Parsha Points is a weekly d'var Torah (short sermon) written by Sharona Margolin Halickman which highlights a theme in the weekly Torah portion. Parsha Points focuses on the Torah's relevance to our lives today. Parsha Points often emphasizes the Biblical importance of the land of Israel.


What we can learn from Yom HaMeyuchas Print E-mail

There is a holiday coming up this Shabbat called Yom HaMeyuchas, The Day of Distinction.” What makes it a special day and what can we learn from it?

Yom HaMeyuchas takes place on the second of Sivan, the day after Rosh Chodesh and the day before the Shloshet Yemei Hagbala, the three days of preparation for receiving the Torah leading up to Shavuot.

Since the second of Sivan is sandwiched between all of these important days, the rabbis didn’t want to leave this one day out. In order to make this day feel special as well, they gave it a special name.

Just as the rabbis were concerned about not hurting the feelings of a calendar date, not wanting to leave the second of Sivan out, how much more so should we be concerned about not alienating our fellow Jews.

Yom HaMeyuchas is also significant because it is associated with the day when the nation answered as one (Shmot 19:8) “Whatever God told us we will do.”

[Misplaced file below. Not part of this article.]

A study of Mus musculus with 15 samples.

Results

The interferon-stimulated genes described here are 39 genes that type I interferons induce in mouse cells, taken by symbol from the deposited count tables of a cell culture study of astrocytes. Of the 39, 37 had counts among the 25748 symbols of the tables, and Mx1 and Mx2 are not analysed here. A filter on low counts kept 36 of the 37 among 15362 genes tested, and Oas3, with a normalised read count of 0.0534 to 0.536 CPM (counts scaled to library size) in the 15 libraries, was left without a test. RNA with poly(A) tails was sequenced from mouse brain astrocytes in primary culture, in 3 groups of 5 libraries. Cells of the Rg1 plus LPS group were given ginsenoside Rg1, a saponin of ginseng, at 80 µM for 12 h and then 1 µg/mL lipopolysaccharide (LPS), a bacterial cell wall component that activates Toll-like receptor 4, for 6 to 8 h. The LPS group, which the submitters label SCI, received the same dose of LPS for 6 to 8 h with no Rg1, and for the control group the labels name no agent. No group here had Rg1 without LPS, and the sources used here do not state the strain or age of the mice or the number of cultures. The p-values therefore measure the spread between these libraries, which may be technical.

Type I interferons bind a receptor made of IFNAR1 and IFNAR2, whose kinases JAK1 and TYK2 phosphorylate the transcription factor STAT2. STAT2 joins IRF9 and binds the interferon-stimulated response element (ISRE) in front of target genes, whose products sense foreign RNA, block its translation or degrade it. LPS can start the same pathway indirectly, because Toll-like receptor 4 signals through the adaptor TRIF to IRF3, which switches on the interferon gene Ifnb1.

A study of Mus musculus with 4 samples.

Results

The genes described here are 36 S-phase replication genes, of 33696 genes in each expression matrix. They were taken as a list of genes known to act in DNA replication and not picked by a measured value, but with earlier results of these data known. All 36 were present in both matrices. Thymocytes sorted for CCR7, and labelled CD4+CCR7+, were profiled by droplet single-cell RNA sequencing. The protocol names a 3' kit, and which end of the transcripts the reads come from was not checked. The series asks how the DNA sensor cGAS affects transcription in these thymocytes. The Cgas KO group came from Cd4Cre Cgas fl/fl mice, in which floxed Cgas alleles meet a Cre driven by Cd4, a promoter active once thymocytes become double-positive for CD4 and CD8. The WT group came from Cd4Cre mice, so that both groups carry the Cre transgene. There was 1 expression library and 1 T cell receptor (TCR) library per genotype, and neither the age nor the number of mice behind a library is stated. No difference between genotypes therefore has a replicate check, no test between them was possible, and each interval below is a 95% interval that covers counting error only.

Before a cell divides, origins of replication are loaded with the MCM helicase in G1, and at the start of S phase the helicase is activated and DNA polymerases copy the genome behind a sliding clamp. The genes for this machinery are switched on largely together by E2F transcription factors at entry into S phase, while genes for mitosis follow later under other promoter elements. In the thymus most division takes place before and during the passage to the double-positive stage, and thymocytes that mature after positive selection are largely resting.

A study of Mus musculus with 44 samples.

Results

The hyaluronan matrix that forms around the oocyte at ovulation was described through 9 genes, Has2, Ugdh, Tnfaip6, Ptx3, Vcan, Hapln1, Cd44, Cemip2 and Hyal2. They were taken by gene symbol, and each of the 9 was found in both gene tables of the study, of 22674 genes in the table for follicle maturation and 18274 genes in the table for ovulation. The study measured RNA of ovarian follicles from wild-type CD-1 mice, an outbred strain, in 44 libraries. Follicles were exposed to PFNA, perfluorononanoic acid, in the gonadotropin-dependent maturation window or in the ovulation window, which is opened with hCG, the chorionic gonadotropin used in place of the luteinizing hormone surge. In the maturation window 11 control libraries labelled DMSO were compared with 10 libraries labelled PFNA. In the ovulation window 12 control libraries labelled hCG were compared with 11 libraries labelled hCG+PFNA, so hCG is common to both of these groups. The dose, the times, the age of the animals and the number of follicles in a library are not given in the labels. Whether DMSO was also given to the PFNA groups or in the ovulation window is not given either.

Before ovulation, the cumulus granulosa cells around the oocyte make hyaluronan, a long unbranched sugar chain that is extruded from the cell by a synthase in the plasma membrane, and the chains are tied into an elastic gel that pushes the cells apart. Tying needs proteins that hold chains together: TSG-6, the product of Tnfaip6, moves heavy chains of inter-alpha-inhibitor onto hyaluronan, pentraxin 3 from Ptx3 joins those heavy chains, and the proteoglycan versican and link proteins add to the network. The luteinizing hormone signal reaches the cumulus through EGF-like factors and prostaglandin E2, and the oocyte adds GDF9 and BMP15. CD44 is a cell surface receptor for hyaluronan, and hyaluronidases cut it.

The nation was united and they were willing to take on the commandments. For those reasons alone, we deserve an extra holiday!

When we hear the word Meyuchas, it sounds like the word “yichus” which we usually translate as lineage. Often when a person is in the process of dating, they ask about what the yichus is of their future partner. But in the end, it doesn’t matter so much what the lineage is like, it is more important to make sure that the person is the right match. This is an important message especially now during the wedding season.

As we prepare for Shavuot, we should keep all of the lessons that can be learned from Yom Hameyuchas in mind: Widen your circles and become more inclusive to make sure that nobody is left out, work on keeping the Jewish people united, especially during these difficult times, reaffirm your commitment to Judaism and don’t discriminate against people because of their family lineage.

This week, the Knesset approved Yom HaAchdut, Unity Day as an official holiday. Yom HaAchdut has been celebrated for ten years in memory of the three boys who were kidnapped and murdered in 2014, Naftali Frankel, Gilad Shaer and Eyal Yifrach. This year, Yom HaAchdut will be celebrated on Sunday, the third of Sivan and there will be 500 activities to join around Israel that will promote unity.

How appropriate that we will officially celebrate unity, which is so desperately needed, on the day following Yom HaMeyuchas, the original day of unity.